How to grow peas
Nothing beats homegrown peas for their tenderness and taste. Pick them when small, steam within an hour of picking with a sprig of mint - there is no better taste than garden fresh peas. Peas are suited to cooler climates, or in warmer climates grown in the cooler months of the year.
When to grow
Sow – April to October
Harvest – December to March
Varieties to grow
There are lots of different types of peas and numerous varieties. To produce crops all summer long, start by sowing an early variety, followed by a main crop. Check seed packet recommendations for planting seasons.
Sugar snap and snow peas are eaten pod and all, picked before the peas have fully developed. Both are generally easier to grow than garden peas and are worth trying if you've had problems trying to grow other garden pea varieties in the past.
Early: Dwarf Massey Earlicrop.
Main crop: Greenfeast, Alderman, Onward.
Snow peas: Oregon, Goliath.
Sugar snap: Sugar Snap climbing and dwarf.
Grow your plant
Sow pea seeds directly into the garden in autumn and in early spring.
Before planting dig Scotts Osmocote Compost & Soil Improver into the garden bed to a spade depth (approx. 20cm). Water well.
Sow seeds directly into the soil 2cm deep and 8-10cm apart. Lightly cover the seed and water well. Keep soil moist, not wet, during germination.
Once seed has germinated climbing peas will require a frame. Use either bamboo stakes formed into a tee pee or tripod, wooden stakes, trellis or wire netting. Put this in place before planting or before plants establish to minimise root disturbance. Dwarf peas do not require staking.
Sowing seed indoors
If soil temperatures are still cold in late winter early spring, get a head start by starting seeds off inside before planting out.
Fill a seed raising tray or small pot with Scotts Osmocote Seed Raising and Cutting Mix. Keep moist, not wet, during germination.
Sow seed 2cm deep, water well and place on a sunny windowsill or in a warm sheltered spot where they can be watered until germinated.
Once germinated, harden off by placing outside during the day and bringing in at night, do this for 7-10 days, now they are ready to plant.
Soak the plant in a bucket of water before planting, allow to drain. Remove the plant from the pot and avoid disturbing the roots. Dig a hole twice the width of the root ball, place the plant in the centre of the hole, back fill and firm gently, planting to the same soil level as the pot. Water in well and continue to water regularly.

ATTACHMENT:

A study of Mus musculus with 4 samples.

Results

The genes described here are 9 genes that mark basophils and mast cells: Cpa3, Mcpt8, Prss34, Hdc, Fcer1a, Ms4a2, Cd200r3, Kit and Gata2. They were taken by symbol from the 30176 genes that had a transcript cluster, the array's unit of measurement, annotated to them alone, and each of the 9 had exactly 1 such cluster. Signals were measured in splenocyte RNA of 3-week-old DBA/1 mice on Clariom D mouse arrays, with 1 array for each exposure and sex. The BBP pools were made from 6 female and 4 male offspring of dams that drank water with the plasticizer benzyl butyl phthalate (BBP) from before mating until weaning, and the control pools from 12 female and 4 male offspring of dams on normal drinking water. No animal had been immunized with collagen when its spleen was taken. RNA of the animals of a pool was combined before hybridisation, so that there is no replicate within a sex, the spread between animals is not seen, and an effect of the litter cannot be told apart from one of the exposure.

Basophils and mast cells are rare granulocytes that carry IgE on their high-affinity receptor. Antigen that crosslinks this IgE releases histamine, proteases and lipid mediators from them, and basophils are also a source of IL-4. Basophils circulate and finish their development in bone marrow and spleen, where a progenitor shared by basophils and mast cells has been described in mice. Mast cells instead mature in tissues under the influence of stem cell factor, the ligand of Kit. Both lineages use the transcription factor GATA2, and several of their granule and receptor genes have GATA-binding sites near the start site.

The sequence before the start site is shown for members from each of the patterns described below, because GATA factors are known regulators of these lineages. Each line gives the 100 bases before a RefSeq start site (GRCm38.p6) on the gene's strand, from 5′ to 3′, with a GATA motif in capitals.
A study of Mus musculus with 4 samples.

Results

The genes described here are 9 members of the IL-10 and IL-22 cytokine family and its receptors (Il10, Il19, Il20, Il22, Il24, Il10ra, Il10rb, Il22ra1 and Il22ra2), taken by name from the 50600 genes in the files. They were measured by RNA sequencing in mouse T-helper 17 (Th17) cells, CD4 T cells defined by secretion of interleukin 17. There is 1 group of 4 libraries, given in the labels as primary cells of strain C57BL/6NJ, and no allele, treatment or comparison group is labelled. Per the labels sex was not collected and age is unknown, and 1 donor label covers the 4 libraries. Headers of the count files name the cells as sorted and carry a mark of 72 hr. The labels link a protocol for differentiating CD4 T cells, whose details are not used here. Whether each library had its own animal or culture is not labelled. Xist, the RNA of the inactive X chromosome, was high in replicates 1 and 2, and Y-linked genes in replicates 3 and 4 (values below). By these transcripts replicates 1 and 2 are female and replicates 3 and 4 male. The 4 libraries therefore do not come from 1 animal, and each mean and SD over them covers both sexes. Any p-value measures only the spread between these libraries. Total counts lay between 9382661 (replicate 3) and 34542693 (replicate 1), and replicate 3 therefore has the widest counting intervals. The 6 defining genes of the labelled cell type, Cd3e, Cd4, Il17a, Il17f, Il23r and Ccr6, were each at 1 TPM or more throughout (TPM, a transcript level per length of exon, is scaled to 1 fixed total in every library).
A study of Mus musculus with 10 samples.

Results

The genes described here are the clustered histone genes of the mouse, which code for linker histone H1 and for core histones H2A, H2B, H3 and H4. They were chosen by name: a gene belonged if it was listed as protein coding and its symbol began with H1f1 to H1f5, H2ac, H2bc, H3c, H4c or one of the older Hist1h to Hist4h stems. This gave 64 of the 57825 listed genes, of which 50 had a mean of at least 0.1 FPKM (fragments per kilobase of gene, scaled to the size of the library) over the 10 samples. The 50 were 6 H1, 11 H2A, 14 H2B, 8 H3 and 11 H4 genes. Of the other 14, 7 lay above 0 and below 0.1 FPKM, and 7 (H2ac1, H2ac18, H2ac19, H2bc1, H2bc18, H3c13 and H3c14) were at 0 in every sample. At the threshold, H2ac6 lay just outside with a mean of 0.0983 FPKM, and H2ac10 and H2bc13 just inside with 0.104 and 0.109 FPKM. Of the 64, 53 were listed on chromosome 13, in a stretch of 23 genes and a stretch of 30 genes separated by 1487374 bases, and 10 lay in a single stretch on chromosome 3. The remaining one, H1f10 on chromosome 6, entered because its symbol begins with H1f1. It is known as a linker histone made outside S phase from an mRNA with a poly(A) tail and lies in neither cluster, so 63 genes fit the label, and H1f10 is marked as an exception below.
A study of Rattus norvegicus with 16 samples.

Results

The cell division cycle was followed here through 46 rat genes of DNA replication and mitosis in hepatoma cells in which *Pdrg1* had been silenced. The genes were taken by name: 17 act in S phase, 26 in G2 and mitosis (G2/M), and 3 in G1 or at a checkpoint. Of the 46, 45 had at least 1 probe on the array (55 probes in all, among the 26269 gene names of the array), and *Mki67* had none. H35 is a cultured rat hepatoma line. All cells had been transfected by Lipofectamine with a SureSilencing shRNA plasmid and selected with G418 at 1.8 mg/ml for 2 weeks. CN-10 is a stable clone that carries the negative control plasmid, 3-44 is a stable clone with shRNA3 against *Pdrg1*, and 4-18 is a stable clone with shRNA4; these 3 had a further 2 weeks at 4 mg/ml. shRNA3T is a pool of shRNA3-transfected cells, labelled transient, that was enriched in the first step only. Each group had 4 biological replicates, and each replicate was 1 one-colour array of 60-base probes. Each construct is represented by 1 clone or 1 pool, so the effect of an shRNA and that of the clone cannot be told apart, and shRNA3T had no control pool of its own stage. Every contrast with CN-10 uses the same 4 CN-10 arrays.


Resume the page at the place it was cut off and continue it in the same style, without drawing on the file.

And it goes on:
Peas are legumes that absorb nitrogen from the air and fix the nitrogen to tiny nodules on the roots and store it in the soil so avoid applying nitrogen rich fertilisers to pea crops.
Peas will tolerate cold temperatures as low as -2 degrees. In cooler regions for autumn planted peas mulch around the peas with Scotts Pea Straw Mulch, and add a light covering of mulch over the peas for protection. Mulch before the first frost and the soil temperature drops.
Planting in pots and containers
Follow sowing seeds indoors instructions for plant seedlings. Choose a pot at least 40L in size. Fill with a quality potting mix such as Scotts Performance Naturals Tomato, Vegetable & Herb Mix.
Place bamboo canes in a tee pee and tie at the top for the plants to climb up. Soak the plants in a bucket of water, drain before planting. A 40L pot will take 3-5 plants.
Remove the plant from the pot, avoid disturbing the roots as much as possible. Dig a planting hole twice the size of the root ball, place the plant in the centre of the hole and back fill, gently firming as you go. Water in well.
Place the pot in a sunny sheltered spot, water well and consistently water throughout the growing season.
Peas easily grow in pots and containers. Climbing peas will require a support frame, trellis or bamboo stakes to climb up, dwarf peas are perfect for pots, as they do not require a climbing frame. Ensure they are consistently watered to get the best crop.
Peas need a free draining soil, rich in organic matter, such as compost. Plant in a sunny position that is sheltered from strong winds to ensure insects can pollinate the flowers.
When flowering starts, feed every 7-14 days with Scotts Performance Naturals Tomato, Vegetable & Herb Liquid Fertiliser.
Water plants well, especially during dry spells and mulch around plants with Scotts Pea Straw Mulch to help conserve soil moisture and suppress weed growth.
Protect seedlings from slugs and snails with Scotts Quash Slug and Snail Killer.
Pick pods from the bottom up. Sugar snap peas are ready when peas start to form in the pod and can be eaten directly off the plant. Snow peas are ready when the pods are 5cm long, crisp and sweet, don’t leave on the vine for too long otherwise they become tough and stringy. Shelling peas are ready when the pods have swelled and are a deep green colour.
Avoid wetting the foliage when watering to help prevent the spread of disease. Space plants out to ensure there is good air circulation around the plants.
Pea plant tendrils are edible and great for salads and stir fries.